Forty Years of the Concorde Jetliner
British and French aerospace companies collaborated to design and build 20 Concorde aircraft between 1966 and 1979. Flying with Air France and British Airways, the supersonic jets offered a luxurious and speedy trip across the Atlantic for 27 years. Capable of speeds over two times the speed of sound and at altitudes up to 60,000 ft., the Concorde could fly from London to New York and return in the time it took a conventional aircraft to go one way. Flagging demand and rising operating expenses finally ended Concorde service-symbolizing a lost era of luxury travel.
Museum visitors can see--and go inside--the only Concorde on the West Coast. Located in the Museum's Airpark, the aircraft is on loan from British Airways. It made the last commercial Concorde flight, which took place on Oct. 24, 2003. On its way to The Museum of Flight, the aircraft set a New York City-to-Seattle speed record of 3 hours, 55 minutes, and 12 seconds. It is only one of two Concordes in North American with an interior open to the public.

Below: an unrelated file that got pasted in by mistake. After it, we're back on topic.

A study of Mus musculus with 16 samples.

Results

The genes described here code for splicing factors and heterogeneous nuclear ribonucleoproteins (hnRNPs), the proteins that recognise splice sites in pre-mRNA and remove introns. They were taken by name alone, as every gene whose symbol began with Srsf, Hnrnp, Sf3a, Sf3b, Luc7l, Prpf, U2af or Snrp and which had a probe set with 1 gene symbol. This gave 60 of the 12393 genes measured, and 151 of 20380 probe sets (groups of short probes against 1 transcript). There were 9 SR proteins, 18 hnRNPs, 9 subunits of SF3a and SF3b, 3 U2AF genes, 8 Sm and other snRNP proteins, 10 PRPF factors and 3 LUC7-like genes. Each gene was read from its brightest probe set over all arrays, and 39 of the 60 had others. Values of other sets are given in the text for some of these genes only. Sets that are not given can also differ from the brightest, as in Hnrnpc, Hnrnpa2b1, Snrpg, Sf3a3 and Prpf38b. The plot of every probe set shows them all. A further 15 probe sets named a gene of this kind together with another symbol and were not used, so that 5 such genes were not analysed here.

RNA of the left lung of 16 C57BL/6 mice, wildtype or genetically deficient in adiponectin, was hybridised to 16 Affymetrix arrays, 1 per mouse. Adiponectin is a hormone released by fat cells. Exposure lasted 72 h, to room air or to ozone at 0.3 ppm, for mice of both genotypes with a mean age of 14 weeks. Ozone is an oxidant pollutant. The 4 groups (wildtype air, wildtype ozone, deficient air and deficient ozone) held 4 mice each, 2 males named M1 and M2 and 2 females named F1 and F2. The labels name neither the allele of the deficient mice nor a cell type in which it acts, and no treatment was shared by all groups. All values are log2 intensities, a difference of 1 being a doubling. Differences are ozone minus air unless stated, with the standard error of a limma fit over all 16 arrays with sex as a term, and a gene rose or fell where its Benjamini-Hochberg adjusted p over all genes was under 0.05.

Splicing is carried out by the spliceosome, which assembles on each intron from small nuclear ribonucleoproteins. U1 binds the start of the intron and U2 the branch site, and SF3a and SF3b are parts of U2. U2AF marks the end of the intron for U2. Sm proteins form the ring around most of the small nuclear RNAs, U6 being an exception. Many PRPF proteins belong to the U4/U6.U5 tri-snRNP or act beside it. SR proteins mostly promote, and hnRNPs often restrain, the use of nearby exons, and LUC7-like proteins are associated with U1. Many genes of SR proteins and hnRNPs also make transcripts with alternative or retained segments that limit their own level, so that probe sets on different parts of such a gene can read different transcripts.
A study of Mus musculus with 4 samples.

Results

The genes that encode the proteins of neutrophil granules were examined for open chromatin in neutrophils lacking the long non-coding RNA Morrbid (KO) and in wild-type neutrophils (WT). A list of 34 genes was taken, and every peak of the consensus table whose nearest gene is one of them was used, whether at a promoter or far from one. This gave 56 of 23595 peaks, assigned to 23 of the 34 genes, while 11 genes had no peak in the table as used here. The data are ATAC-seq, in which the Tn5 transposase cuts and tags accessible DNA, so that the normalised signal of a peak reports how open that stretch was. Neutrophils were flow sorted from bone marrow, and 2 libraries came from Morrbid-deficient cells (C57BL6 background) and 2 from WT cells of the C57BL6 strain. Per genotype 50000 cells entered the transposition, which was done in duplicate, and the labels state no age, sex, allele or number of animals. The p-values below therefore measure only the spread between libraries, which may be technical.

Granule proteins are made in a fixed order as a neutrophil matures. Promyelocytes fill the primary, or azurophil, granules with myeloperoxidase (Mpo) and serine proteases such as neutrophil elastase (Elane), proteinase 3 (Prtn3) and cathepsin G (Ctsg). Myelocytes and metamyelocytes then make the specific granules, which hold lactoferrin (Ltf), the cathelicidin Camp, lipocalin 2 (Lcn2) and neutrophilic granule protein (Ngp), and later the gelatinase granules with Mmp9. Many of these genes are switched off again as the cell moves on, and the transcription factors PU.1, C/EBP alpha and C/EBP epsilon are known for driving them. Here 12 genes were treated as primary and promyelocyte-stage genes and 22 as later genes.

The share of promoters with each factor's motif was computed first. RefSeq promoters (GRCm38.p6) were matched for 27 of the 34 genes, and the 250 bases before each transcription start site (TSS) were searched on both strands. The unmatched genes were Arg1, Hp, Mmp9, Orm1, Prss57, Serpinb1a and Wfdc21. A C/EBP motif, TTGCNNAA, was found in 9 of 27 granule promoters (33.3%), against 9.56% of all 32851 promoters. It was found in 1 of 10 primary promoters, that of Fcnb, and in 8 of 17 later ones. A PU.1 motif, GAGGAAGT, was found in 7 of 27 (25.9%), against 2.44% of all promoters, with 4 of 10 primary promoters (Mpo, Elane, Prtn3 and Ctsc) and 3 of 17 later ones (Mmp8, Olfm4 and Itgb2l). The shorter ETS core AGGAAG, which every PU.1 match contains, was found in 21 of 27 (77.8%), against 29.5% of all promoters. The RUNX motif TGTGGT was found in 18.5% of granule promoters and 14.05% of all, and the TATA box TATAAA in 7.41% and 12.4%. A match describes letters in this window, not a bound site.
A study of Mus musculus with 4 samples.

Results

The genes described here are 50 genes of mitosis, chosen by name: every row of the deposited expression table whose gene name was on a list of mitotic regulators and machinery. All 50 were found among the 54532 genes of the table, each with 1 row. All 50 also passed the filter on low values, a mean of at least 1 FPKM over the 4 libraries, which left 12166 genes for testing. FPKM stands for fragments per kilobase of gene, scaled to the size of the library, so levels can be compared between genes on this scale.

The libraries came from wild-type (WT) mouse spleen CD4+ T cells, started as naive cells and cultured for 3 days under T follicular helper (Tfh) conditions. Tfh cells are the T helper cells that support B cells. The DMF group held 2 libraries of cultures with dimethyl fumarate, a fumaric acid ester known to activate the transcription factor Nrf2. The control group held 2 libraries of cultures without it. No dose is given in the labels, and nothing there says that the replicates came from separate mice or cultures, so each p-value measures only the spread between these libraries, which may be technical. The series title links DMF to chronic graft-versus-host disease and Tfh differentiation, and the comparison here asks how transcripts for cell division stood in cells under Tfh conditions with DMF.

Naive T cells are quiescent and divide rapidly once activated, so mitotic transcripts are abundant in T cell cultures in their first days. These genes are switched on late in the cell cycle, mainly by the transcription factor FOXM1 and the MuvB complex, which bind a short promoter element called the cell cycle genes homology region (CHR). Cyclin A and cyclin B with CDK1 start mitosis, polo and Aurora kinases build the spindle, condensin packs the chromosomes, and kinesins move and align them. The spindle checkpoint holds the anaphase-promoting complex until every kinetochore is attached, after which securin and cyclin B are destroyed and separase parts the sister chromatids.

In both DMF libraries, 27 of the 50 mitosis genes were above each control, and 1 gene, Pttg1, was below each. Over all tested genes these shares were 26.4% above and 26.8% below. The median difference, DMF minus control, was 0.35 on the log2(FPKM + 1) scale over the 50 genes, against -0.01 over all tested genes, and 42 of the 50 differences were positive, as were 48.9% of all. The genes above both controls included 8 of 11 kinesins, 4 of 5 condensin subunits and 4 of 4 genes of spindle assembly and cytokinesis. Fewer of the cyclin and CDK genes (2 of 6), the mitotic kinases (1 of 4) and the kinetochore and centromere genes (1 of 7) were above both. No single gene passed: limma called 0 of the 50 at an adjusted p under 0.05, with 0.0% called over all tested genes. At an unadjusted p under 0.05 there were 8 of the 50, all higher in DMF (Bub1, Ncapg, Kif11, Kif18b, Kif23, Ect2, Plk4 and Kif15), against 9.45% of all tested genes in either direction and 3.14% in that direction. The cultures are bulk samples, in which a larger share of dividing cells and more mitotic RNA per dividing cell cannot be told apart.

For more information and photos of the Museum's Concorde, see: http://www.museumofflight.org/aircraft/concorde
Image: British Airways Concorde on approach to landing. Photo courtesy The Museum of Flight.### The Museum of Flight is located at 9404 E. Marginal Way S., Seattle, Exit 158 off Interstate 5 (on Boeing Field between downtown Seattle and SeaTac Airport.) The Museum is open daily from 10 a.m. to 5 p.m. Admission is $14 for adults, $13 for seniors 65 and older, $10 for active military, $7.50 for youth 5 to 17, and free for children under 5. Group rates are available. Admission on the first Thursday of the month is free from 5 to 9 p.m. courtesy of Wells Fargo. For general Museum information, please call 206-764-5720 or visit www.museumofflight.org.